MOORHEAD – The Concordia Theater Department put on the absurdist play “The Bald Soprano,” by Eugène Ionesco from Feb. 15-18. The production, which centers around a chaotic evening involving two English couples, a maid and a fire chief, was a smash hit with students on campus 

Caden Nestler, a senior at Concordia, made his main season directing debut through The Bald Soprano, according to his Cast and Crew profile.  

“(Caden) is my roommate too. So, it was very nice being able to work so closely with someone that I’m so close with outside of work. Like we didn’t need to do the barrier of like four emails back and forth. It was just simple like, ‘hey, can you set this up?’ ‘Already done.’ And so, it was very nice to be able to, like, have that relationship with the director,” senior and “The Bald Soprano” stage manager, Jackson Peterson said. 

Student directed shows tend to bode well with Concordia students who want to support their peers’ endeavors, according to Peterson. 

“I think such an intimate show, especially with the student director, really got people interested. You know, my tagline for everything was ‘student directed absurd comedy.’ And so, I think when people heard student and absurd in the same sentence, it really piqued their interest,” junior and box office manager Kiley Snobeck said. 

The show not only sold out for the three performances that were put on, but people were on a waiting list to get into the show. Because the tickets were free, some students booked tickets but neglected to actually attend the show. Because of this, the theater staff were able to get up to twenty people a night from the waitlist into the performance, Snobeck said. 

“On the Thursday, of the first show, (the cast) was sitting backstage and I was refreshing the Ticket Source page over and over. That day we had already watched two of our shows sell out, and then right before it started, we watched Saturday sell out. So, we got to watch all our shows sell out right before the show started,” sophomore and actress in “The Bald Soprano,” Megan Gunnerson, said. 

Though there are many factors that contributed to the buzz around the “The Bald Soprano,” a few not only got Concordia students, but Fargo/Moorhead citizens, to get excited about the show.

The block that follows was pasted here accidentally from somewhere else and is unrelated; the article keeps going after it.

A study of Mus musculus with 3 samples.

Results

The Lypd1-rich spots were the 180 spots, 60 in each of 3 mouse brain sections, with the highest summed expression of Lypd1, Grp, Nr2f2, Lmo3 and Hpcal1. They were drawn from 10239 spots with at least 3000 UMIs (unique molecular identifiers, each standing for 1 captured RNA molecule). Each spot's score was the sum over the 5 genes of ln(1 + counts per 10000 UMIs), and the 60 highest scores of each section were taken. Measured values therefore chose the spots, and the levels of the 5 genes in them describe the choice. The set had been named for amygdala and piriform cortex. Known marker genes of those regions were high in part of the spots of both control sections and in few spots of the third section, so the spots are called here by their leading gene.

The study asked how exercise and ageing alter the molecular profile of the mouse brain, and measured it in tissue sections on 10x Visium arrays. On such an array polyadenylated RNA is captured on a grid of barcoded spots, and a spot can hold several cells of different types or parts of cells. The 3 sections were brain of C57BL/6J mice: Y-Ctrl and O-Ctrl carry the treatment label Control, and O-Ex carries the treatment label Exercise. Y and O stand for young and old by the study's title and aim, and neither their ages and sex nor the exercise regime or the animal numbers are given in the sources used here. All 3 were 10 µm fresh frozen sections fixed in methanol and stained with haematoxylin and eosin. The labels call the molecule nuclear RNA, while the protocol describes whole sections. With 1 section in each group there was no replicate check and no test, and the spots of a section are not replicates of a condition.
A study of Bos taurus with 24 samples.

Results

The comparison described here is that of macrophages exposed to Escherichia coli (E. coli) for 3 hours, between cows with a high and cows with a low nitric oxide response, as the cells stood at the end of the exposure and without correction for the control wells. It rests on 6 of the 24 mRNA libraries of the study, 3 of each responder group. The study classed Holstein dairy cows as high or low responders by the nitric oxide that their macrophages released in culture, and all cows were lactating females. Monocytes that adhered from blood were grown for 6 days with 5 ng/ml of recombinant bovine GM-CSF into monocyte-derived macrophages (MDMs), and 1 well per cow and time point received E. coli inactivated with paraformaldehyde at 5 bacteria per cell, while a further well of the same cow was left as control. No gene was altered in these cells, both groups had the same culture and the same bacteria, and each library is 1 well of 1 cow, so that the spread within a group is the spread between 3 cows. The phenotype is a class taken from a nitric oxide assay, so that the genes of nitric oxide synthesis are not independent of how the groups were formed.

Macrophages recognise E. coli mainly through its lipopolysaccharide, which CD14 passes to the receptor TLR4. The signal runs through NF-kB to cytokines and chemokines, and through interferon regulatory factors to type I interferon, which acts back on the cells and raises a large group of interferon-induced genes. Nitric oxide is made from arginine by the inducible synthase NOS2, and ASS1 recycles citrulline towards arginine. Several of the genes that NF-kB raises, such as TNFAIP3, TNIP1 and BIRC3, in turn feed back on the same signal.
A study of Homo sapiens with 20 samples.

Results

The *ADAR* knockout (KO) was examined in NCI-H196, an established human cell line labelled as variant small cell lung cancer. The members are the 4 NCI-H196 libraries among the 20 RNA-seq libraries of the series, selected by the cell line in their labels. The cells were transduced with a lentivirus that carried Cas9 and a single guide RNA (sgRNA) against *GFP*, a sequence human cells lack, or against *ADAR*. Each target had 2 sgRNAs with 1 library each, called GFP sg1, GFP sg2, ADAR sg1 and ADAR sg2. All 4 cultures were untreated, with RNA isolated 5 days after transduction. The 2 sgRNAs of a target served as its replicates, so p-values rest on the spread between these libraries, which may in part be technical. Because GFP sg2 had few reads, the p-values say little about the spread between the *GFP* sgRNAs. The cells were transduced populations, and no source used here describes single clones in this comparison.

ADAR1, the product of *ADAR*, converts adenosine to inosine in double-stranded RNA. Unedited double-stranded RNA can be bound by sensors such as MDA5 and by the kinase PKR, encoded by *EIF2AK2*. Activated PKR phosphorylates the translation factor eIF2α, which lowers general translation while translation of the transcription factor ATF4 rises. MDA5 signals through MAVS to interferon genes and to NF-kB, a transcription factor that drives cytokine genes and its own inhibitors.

“I always send out a press release, and it usually gets picked up by a couple of newspapers or whatever, but it got picked up by Valley News Live and we got to go in North Dakota Today, which was super exciting. And I think that as audience development helped us bring in more people into the show. Yeah, it helps bring kind of notice to the Concordia Theatre department,” Snobeck said. 

“With (“The Bald Soprano”) being in this slot of the year, I mean it’s the beginning of the second semester, and normally the weather is cold, and people tend to be very sad and just like want kind of something to lift them up. And so, I feel like having that show in this slot was just a nice way to kind of just like, get people to smile, get people to turn off their brains for a second and just enjoy what is going on in front of them, which in this case was pure chaos.” Peterson said. 

“I think having a theater opportunity to experience something like this was really great. Having a student director and experiencing a show this is weird and bizarre was really great. like encourage a lot of people just to try out for theater for fun. Just do it just for fun,” Gunnerson said.  

The Concordia Theater Department’s next mainstage performance is “The Laramie Project,” by Moisés Kaufman, which will run from April 25-28.